Because of Libraries We Can Say These Things
She is holding the book close to her body,
carrying it home on the cracked sidewalk,
down the tangled hill.
If a dog runs at her again, she will use the book as a shield.
She looked hard among the long lines
of books to find this one.
When they start talking about money,
when the day contains such long and hot places,
she will go inside.
An orange bed is waiting.
Story without corners.
She will have two families.
They will eat at different hours.
She is carrying a book past the fire station
and the five-and-dime.
What this town has not given her
the book will provide; a sheep,
a wilderness of new solutions.
The book has already lived through its troubles.
The book has a calm cover, a straight spine.
When the step returns to itself
as the best place for sitting,
and the old men up and down the street
are latching their clippers,
she will not be alone.
She will have a book to open
and open and open.
Her life starts here.
Naomi Shihab Nye
This is a picture of part of our new Fairfield Middle School Rabid Readers Book Club. These kids are amazing, and we meet once a month to talk about a certain book. The picture comes from an article that ran in the Fairfield Ledger last week.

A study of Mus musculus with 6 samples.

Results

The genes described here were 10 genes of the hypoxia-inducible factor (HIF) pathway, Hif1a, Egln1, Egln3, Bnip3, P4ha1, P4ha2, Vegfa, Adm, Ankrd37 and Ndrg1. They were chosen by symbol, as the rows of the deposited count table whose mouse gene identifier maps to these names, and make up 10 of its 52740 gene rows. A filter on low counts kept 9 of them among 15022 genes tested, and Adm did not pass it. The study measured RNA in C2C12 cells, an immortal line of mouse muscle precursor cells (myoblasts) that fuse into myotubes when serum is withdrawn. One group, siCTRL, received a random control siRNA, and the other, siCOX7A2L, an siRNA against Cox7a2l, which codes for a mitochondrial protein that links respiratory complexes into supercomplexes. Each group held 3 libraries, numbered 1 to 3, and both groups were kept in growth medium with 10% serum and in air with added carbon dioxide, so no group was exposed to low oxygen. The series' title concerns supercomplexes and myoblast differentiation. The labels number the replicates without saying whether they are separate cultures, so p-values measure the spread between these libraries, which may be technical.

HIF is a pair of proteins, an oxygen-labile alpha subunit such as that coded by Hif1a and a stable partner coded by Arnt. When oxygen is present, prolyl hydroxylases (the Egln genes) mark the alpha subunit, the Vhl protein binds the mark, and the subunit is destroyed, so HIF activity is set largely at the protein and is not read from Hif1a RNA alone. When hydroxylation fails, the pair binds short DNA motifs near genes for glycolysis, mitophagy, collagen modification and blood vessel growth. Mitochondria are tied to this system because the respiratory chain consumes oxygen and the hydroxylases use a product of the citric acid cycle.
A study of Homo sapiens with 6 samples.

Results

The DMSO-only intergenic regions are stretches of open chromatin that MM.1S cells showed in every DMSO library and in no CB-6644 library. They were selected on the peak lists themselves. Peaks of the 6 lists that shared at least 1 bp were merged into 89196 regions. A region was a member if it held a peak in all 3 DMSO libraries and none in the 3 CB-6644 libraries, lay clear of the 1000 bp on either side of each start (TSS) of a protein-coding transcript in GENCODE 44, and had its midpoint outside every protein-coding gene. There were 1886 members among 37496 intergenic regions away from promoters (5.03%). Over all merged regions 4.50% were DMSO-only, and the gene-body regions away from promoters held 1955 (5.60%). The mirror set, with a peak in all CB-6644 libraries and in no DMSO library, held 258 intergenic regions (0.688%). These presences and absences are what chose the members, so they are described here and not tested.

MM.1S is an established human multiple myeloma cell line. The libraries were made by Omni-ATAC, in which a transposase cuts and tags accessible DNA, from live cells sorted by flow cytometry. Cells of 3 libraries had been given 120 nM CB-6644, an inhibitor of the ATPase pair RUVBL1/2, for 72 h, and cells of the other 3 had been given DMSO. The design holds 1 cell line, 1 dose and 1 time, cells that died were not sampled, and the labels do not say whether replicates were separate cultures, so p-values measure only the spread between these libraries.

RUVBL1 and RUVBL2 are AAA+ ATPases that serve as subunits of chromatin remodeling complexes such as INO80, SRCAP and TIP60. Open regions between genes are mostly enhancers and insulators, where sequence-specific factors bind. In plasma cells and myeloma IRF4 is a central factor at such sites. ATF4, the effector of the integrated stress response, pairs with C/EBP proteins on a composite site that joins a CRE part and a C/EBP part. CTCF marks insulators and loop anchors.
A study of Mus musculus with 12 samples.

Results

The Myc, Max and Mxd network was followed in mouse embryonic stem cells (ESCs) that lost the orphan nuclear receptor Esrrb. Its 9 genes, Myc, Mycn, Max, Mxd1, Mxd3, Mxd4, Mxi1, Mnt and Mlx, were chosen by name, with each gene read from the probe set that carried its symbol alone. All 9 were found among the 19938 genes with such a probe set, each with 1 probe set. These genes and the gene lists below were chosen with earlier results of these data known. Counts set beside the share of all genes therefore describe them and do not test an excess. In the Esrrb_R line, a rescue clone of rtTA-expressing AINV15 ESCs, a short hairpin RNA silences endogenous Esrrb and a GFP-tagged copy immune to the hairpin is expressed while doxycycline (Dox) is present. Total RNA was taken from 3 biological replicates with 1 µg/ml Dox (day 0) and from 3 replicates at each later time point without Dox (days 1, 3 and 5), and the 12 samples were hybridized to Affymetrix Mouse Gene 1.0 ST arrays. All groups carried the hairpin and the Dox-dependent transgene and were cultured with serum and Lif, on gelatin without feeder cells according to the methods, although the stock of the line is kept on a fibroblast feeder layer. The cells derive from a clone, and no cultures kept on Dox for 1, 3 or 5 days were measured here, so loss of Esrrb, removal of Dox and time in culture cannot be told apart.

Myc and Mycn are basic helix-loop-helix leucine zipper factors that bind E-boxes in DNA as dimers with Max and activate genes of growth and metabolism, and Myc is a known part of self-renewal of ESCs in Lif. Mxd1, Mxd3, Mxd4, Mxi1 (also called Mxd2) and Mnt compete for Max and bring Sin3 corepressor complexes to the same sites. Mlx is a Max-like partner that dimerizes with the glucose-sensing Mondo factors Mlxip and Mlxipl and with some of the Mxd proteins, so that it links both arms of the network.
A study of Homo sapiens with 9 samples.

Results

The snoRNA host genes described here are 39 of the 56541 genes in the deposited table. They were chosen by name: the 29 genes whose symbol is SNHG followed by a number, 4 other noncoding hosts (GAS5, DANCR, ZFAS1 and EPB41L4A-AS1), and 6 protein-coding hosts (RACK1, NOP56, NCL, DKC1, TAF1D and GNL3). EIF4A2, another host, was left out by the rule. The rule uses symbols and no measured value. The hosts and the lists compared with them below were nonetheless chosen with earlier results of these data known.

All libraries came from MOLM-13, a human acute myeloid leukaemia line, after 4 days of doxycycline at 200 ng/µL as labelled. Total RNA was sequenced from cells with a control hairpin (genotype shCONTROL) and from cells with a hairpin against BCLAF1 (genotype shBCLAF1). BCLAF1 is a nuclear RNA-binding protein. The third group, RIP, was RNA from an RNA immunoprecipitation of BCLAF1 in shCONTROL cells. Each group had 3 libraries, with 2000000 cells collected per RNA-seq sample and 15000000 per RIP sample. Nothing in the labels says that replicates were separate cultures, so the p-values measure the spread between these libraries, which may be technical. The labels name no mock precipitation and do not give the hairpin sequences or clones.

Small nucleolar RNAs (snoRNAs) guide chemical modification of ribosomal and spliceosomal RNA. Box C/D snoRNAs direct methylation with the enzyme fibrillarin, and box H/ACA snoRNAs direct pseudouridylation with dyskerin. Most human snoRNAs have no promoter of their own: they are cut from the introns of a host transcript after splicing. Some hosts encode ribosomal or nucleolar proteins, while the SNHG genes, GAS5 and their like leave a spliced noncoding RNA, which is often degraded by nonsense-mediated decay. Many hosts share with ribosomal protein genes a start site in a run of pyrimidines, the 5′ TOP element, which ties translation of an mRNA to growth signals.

This month it was The Knife of Never Letting Go by Patrick Ness. The poem Kevin sent me really made me think of our book club and of the opportunity it gives kids to get lost in literature. We have wanted to start a book club for many years, but this is the first year we have made it happen. 4 of us teachers and a spectacular parent volunteer make the group happen, and it's awesome. What they discuss blows our minds every single time... how deeply they analyze and think... the connections they make. Reading literature is so important. Even though our club isn't huge, I'm so glad we're giving kids one more chance to connect at school and with books and with each other. And this poem reminds me why it all matters.